With the Commentary by Śaṅkarācārya
by George Thibaut | 1890 | 203,611 words
The Brahma sūtras (aka. Vedānta Sūtras) are one of the three canonical texts of the Vedānta school of Hindu philosophy. The Brahma sūtra is the exposition of the philosophy of the Upanishads. It is an attempt to systematise the various strands of the Upanishads which form the background of the orthodox systems of thought....
45. (The agni built of mind, &c.) is a particular form of the preceding one (i.e. the agni built of bricks), on account of the leading subject-matter; it is (part of) the act; as in the case of the mānasa cup.
Your supposition, the pūrvapakṣin objects, as to those fire-altars being not supplementary to the sacrificial act, but altogether independent of it, is untenable. The influence of the leading subject-matter rather compels us to conclude that the instruction given by the text about the agni made of mind and so on, enjoins some particular mode of the same agni which the preceding sections describe as the outcome of a real act.--But are not indicatory marks stronger than the leading subject-matter?--True in general; but indicatory marks such as those contained in the passages quoted above are by no means stronger than the general subject-matter. For as those passages are of the nature of glorifications of the fanciful fire-altars, the liṅgas (have no proving power in themselves but) merely illustrate some other matter (viz. the injunction to which those passages are arthavādas); and as they are of that nature they may, there being no other proof, be taken as mere guṇavādas, and as such are not able to sublate the influence of the prakaraṇa. On the ground of the latter, therefore, all those fanciful agnis must be viewed as forming parts of the sacrificial action.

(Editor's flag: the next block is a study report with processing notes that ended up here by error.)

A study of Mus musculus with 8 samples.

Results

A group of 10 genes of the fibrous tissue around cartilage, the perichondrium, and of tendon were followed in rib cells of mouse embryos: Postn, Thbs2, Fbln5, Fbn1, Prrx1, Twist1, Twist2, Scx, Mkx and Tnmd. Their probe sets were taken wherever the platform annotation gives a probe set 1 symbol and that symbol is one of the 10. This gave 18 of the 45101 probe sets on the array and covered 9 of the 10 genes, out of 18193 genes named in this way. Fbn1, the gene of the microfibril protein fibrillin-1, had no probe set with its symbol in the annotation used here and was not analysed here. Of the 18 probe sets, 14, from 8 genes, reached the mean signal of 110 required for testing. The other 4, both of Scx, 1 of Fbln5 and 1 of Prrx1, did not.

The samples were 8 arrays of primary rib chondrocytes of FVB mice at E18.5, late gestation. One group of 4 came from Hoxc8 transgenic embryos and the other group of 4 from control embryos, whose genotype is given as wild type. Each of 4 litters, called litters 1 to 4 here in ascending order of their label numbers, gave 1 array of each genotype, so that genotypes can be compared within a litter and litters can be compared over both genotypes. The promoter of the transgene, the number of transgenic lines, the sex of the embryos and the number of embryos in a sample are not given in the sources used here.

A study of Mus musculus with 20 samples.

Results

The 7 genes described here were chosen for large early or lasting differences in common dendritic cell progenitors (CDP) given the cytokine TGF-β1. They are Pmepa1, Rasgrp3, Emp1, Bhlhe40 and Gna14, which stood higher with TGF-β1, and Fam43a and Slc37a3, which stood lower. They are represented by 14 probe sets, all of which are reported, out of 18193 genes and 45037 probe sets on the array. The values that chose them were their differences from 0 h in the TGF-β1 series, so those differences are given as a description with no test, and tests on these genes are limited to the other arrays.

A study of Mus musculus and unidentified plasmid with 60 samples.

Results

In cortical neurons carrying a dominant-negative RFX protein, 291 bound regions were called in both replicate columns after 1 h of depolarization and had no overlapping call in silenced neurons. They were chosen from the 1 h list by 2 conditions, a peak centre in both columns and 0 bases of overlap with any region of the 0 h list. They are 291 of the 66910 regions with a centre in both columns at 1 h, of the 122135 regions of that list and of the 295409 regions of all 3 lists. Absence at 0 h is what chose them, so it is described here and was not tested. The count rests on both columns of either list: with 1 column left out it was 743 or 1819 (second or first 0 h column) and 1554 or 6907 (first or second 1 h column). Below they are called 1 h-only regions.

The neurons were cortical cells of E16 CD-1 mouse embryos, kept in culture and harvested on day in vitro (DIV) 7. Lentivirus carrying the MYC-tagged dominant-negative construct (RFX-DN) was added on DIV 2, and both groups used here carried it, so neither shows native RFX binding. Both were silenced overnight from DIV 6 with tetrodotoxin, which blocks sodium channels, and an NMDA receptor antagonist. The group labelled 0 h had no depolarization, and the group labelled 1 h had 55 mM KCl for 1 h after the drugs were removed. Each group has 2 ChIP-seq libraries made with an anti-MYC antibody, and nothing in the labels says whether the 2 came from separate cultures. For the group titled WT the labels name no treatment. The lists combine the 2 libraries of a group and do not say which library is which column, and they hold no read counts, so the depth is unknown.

The case is analogous to that of the 'mental' (cup). On the tenth day of the Soma sacrifices occupying twelve days--which day is termed avivākya--a soma cup is offered mentally, the earth being viewed as the cup, the sea as the Soma and Prajāpati as the divinity to which the offering is made. All rites connected with that cup, viz. taking it up, putting it down in its place, offering the liquid in it, taking up the remaining liquid, the priests inviting one another to drink the remainder, and the drinking, all these rites the text declares to be mental only, i.e. to be done in thought only. Yet this mental quasi-cup, as standing under the heading of a sacrificial act, forms part of that act.--The same then holds good with regard to the quasi-agnis made of mind and so on.
Footnotes and references:
I.e. of the agni made of bricks which is the outcome of the agnicayana.--Ān. Gi. explains vikalpaviśeṣa by prakārabheda.
2 Cp. Tāṇḍya Brāh. IV, 9; Taitt. Saṃh. VII, 3, 1.